Money that was directed toward fighter planes and ships is to be redirected toward building the southern border wall, the Pentagon informed Congress on Thursday, Feb. 13.

The notice said the $3.8 billion it is needed “to provide support for counter-drug activities of the Department of Homeland Security (DHS).” The funds will take the total redirected from the Pentagon to help the president build the wall to $10 billion.

“DHS has identified areas along the southern border of the United States that are being used by individuals, groups, and transnational criminal organizations as drug smuggling corridors, and determined that the construction of additional physical barriers and roads in the vicinity of the United States border is necessary in order to impede and deny drug smuggling activities,” the notice states.

Pentagon spokesman Lt. Col. Chris Mitchell said on Thursday in a statement, the money will be used to build about 177 miles of new fencing.

“The Department of Defense is committed to supporting the Department of Homeland Security’s efforts to secure the southern border by constructing fences and roads and installing lighting to block drug smuggling corridors,” he said. “We will continue to support DHS and other agencies as needed to keep our homeland secure.”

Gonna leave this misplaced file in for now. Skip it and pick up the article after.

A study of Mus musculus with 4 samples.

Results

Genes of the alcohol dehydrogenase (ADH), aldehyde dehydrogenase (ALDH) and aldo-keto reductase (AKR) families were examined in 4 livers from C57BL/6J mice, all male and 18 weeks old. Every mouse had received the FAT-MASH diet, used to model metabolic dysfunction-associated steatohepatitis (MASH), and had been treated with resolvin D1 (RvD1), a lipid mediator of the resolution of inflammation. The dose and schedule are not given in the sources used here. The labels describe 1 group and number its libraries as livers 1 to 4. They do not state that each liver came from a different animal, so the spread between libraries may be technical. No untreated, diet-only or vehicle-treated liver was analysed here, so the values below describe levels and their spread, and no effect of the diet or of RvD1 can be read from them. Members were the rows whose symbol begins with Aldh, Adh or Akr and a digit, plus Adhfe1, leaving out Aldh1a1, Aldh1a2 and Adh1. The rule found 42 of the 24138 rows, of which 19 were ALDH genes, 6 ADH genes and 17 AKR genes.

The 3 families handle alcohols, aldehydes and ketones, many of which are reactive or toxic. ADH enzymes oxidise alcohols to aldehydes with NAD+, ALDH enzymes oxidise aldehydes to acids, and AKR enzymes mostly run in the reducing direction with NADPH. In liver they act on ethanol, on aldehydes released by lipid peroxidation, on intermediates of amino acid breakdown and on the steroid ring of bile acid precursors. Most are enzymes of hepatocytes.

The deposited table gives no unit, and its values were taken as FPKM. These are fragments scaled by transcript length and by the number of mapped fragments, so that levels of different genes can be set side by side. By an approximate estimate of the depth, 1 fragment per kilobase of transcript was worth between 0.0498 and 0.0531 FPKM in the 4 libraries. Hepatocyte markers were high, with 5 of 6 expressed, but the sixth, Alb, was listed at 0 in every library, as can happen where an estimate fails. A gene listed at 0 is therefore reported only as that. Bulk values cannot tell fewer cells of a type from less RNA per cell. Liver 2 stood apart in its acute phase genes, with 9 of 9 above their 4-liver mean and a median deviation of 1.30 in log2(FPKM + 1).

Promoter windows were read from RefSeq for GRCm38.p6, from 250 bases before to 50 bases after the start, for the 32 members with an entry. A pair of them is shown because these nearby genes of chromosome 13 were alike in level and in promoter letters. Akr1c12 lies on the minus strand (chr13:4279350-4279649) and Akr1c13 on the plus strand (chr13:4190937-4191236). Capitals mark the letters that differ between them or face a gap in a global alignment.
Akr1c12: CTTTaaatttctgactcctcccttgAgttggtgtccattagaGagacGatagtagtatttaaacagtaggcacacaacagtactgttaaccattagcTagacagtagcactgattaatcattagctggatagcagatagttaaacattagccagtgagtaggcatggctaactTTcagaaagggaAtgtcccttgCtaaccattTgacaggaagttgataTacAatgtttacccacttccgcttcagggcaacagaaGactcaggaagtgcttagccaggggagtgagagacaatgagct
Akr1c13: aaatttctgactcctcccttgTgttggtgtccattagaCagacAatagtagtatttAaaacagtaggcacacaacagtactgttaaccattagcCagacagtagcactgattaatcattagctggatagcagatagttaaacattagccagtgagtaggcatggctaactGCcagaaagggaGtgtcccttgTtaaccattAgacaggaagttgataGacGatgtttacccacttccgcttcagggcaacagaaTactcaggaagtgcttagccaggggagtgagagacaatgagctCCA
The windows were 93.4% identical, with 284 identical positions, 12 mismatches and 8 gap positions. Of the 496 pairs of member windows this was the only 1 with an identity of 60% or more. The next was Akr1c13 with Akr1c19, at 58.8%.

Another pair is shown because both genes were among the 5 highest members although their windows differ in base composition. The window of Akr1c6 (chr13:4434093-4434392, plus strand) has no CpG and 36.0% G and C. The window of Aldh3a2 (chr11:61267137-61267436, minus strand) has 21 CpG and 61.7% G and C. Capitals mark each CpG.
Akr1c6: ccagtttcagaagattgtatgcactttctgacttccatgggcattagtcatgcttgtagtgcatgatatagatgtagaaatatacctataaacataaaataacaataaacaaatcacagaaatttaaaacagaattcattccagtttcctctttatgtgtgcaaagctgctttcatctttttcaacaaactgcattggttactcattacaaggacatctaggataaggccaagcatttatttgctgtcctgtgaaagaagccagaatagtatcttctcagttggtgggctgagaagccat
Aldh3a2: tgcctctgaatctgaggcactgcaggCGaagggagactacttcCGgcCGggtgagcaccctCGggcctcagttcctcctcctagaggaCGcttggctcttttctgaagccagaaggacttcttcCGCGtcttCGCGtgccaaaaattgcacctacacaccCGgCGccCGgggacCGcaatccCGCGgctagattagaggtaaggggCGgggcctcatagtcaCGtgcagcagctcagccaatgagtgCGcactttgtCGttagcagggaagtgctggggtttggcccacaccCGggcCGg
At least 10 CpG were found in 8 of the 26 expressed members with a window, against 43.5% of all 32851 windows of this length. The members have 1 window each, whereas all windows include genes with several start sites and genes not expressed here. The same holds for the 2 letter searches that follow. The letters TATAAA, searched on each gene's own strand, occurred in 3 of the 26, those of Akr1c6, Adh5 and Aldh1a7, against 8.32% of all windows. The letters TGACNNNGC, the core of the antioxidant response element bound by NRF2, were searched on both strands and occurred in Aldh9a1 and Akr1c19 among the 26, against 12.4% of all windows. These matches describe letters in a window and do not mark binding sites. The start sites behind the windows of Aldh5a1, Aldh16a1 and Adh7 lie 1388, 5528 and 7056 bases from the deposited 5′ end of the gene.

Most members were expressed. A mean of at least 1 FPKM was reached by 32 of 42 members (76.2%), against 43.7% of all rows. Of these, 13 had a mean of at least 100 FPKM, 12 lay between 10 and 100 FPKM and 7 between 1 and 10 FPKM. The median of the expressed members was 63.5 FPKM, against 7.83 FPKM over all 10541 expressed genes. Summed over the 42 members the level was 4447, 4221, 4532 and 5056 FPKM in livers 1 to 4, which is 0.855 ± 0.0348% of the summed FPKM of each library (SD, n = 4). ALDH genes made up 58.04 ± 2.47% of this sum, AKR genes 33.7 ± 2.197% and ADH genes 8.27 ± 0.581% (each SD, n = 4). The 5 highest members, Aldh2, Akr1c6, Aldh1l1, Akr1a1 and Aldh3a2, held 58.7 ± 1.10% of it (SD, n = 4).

Democrats were seething at the release of the money calling the project a “vanity project,” and blamed Republicans for allowing the president to have the authority to transfer money when spending legislation was passed in December.

“While some of our Republican colleagues will lament the president’s decision, they enabled this theft by blocking our efforts to stop the president from raiding defense accounts,” House Appropriations Committee Chairwoman Nita Lowey (D-N.Y.) said in a joint statement with Appropriations Defense Subcommittee Chairman Pete Visclosky (D-Ind.)

“Until they stand up to President Trump, our national security will continue to be threatened and our constitutional system of government will continue to be undermined,” they added, reports The Hill.

Congress had on two occasions attempted to overturn the president’s emergency declaration, which enables him to reprogram defense funding toward building the wall, but were unsuccessful in overriding his vetoes.